Sandy Munro is an auto manufacturing expert who spends his time taking apart the newest cars to see how they work (and what they cost to build). He’s especially good at explaining the importance of manufacturing innovations that the mainstream media isn’t equipped to understand, and in recent years, he’s had a lot to say about Tesla’s vehicles.
Sandy’s most recent appearance was a discussion of The Next Generation Of EV Technologies, part of the Charged Virtual Conference on EV Engineering. Mr. Munro covered an amazing amount of ground in this hour-long presentation, including several emerging EV technologies—solid-state batteries, mega-castings, and VTOLS—as well as a couple of bleeding-edge concepts that even the earliest adopters haven’t heard about yet.
Sandy gives us a wealth of information about Tesla’s plans to use so-called mega-castings for its vehicle chassis—an innovation that could deliver substantial savings in cost, production time and complexity. Next, he discusses the next frontier in energy storage—will Tesla’s new 4680 cells, a future solid-state chemistry, or some form of hydrogen fuel cell win the day? (Here’s a hint: they all have their pros and cons, which Sandy explains in great technical detail.)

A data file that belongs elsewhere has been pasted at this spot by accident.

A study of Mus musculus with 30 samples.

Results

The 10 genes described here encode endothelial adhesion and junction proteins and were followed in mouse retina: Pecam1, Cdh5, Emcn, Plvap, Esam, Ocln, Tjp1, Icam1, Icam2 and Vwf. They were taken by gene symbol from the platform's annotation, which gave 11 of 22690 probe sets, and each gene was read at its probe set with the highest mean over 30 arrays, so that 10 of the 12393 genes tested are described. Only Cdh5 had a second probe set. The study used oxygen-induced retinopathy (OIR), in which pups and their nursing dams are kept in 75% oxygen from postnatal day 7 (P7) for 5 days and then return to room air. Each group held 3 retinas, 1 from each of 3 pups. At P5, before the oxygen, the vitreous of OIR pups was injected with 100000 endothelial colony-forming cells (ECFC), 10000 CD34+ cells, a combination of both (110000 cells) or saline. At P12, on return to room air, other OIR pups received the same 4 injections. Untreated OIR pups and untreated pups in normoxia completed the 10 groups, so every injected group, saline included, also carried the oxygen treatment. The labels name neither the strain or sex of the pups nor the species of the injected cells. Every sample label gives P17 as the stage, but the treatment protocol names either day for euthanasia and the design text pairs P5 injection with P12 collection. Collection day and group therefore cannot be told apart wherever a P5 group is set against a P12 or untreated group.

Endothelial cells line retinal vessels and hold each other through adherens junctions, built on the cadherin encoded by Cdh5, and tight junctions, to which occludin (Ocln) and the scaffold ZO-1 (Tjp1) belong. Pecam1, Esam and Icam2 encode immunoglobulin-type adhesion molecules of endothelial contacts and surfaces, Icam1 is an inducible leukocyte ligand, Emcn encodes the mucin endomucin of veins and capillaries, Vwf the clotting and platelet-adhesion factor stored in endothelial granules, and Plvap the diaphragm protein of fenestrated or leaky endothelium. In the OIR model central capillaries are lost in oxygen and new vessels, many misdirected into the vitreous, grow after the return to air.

Tesla fans will find plenty to interest them here, as Sandy takes us through the history of the California carmaker’s gradually shrinking battery costs, and explains the Tesla mindset that makes the company such an innovation factory.
The disadvantages of hydrogen fuel cells as an energy storage medium for vehicles are well known: poor efficiency; the difficulty of producing H2 from clean sources; and the heavy lift of developing an entirely new network of fueling infrastructure. However, Sandy clues us into an emerging technology that I suspect few of us have heard of: light-activated hydrogen, which has the potential to deliver more energy density than batteries with few of the drawbacks of fuel cells. (If it were anyone other than Sandy talking about this, I’d probably dismiss them as yet another perpetual-motion purveyor, but watch the video and check out the data.)
That’s not the only news here—Sandy mentions a Tesla repair specialist that can restore old batteries to most of their original capacity at a fraction of the cost of a new pack; a new battery chemistry developed by GM that’s received almost no press coverage; and what’s going on at QuantumScape, a promising developer of solid-state battery tech that’s recently been the target of attacks in the press from a short-seller.